Creating community for Canadian immigrants amidst growing climate concerns

For 25 years, Green Club BC has aimed to educate its members on both B.C.’s environmental and sociohistorical landscapes. Since its founding, the club has sought to inspire environmental activism and a sense of belonging for Canadian immigrants.

With the recent passing of the club’s founder, Dr. Joseph Lin, Green Club volunteer Manal Ma says the club looks to continue building on the legacy Dr. Lin created as climate awareness becomes more important than ever.

“It’s not only just a place to learn new things…it’s to open [your] eyes, to look around, and be aware of the environment that we’re living in,” says Ma.

Exploring the past

The late Dr. Lin, a pediatrician, family doctor and staunch environmental activist from Taiwan, felt lucky to immigrate to Canada after observing people’s care and concern for the environment. In the early 1990s, while Dr. Lin was living in Vancouver, he became involved with studying the natural environment with fellow nature enthusiasts.

“That’s when he realized it was the perfect time to start a club,” says Ma.

This included daily walks, or “free walks,” as Dr. Lin termed them, through Metro Vancouver, as well as three- and four-day hikes throughout the rest of the province.

Green Club BC members enjoy walks throughout the Lower Mainland, as well as longer hikes, both offering beautiful sights and community gathering. | Photo by Su-Lin Chen

In addition to conducting eco-tours and hikes, Dr. Lin also led “heritage walks” throughout the city’s older neighborhoods to help the club’s Taiwanese and Chinese immigrants learn more about Vancouver’s history. Through these walks, Ma says club members develop a greater appreciation and knowledge of Metro Vancouver’s past, both cultural and ecological.

“He realized that once people like us come to a different country, we seldom have the chance to really understand or get to know the new place we live in,” says Ma. “It [can] be very difficult for immigrants to find a new community they belong to, so that is one of the reasons Green Club has been so successful.”

Today, Green Club has five board members and approximately 30 volunteers who take on different roles and tasks, including guiding, lecturing, and event coordination and promotion. And while the club primarily consists of Taiwanese and Chinese members, Ma says the club is very diverse, welcoming people of all cultural backgrounds and ecological knowledge.

“We have a flower arrangement teacher … and we also have a birding instructor… Our club members [and] volunteers come from different walks of life,” says Ma.

Climbing heat and new heights

Since becoming club president ten years ago, retired ecologist Su-Lin Chen has led the club’s day hikes and even led members on overnight hikes at other mountains across North America.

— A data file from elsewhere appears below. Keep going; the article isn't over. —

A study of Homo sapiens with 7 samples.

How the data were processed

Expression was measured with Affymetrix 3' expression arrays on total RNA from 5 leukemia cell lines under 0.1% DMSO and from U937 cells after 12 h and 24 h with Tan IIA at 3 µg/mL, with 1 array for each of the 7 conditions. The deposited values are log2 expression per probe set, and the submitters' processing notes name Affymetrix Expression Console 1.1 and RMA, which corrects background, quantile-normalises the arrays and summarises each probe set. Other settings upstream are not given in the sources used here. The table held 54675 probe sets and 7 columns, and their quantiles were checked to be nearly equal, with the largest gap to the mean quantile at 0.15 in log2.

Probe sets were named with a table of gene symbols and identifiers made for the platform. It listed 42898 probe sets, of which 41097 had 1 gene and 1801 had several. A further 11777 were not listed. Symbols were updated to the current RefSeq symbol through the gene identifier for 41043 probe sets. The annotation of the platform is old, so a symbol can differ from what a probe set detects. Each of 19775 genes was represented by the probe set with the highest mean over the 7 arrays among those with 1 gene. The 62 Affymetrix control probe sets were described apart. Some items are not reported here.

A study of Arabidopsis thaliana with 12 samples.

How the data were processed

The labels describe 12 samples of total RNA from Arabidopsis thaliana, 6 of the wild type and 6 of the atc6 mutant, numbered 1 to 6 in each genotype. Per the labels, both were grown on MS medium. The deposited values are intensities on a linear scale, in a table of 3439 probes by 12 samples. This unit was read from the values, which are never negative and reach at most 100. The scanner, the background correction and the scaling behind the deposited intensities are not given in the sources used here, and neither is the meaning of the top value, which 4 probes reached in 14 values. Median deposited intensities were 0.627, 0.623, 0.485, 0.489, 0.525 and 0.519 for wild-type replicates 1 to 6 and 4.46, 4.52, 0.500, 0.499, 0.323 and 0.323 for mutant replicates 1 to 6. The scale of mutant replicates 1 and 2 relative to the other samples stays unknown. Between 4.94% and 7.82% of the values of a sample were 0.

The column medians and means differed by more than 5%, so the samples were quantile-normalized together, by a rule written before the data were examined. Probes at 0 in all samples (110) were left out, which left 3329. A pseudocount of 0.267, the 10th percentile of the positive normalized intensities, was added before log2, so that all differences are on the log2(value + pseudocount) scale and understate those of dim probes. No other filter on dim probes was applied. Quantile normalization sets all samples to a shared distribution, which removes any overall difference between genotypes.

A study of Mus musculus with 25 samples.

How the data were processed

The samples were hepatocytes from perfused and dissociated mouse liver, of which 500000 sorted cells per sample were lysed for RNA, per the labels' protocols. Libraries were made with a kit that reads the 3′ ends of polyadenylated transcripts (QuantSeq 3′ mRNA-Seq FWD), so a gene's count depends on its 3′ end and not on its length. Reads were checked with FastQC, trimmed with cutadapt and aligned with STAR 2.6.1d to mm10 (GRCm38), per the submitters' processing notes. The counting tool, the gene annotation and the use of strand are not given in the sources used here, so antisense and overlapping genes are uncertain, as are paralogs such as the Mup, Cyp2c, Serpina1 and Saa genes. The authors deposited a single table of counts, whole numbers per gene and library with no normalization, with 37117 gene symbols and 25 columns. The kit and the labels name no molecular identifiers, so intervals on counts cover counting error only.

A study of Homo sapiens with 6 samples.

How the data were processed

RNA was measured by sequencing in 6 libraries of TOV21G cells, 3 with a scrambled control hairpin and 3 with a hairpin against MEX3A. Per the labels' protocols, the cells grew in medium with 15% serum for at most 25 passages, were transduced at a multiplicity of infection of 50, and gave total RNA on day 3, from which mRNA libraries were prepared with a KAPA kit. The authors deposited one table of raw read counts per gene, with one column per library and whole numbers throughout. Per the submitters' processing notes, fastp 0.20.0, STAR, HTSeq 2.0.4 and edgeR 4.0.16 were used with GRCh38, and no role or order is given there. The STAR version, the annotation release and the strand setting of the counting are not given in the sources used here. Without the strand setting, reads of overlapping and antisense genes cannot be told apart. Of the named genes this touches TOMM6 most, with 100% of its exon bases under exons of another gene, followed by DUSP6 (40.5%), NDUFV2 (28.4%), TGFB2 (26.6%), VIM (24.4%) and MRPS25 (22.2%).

“I took people up to the mountains, and that was a first experience for many hikers,” says Chen. “That was kind of challenging […] so I’ve had to reconsider.”

Despite some of these challenges, he has felt grateful for the opportunity to connect with community members on a shared passion for the environment.

“I am very shy,” admits Chen. “But since joining the club…I have learned a lot about social activities.”

During this time, Chen has dedicated his spare time to studying the effects of climate change by tracing local temperature and geological trends. This includes discovering patterns between B.C.’s climate and historical ice ages.

“I learned that the warming speed is accelerating,” he says. “That’s why carbon emission[s] should be decreased as low as possible.”

Temperature change is just one of the club’s many concerns about climate change outcomes in B.C. For some of the club’s members, Ma says climate change’s impact on B.C. has become increasingly apparent compared to Taiwan’s.

For example, Green Club leads approximately 20 walks each year during cherry blossom season, one of the most popular times of year for the club. But this year, Green Glub members noticed how B.C. was affected by the results of an strange event which took place throughout the Pacific Northwest this year: cherry blossom buds blooming alarmingly early.

“A lot of our audiences would come repeatedly year after year, just to enjoy the walk and the spring season after a long break from winter,” says Ma. “Cherry blossoms should [have] come later, [but] came earlier. Climate change is affecting the plants and giving them different signals.”

Ma and Chen say, given climate change’s increasing presence, Green Club is focusing on encouraging members to work together to reverse human impacts.

“We can’t let this temperature change […] accelerate,” says Ma. “Or else we will experience severe climate situations like we’ve [never] seen before.”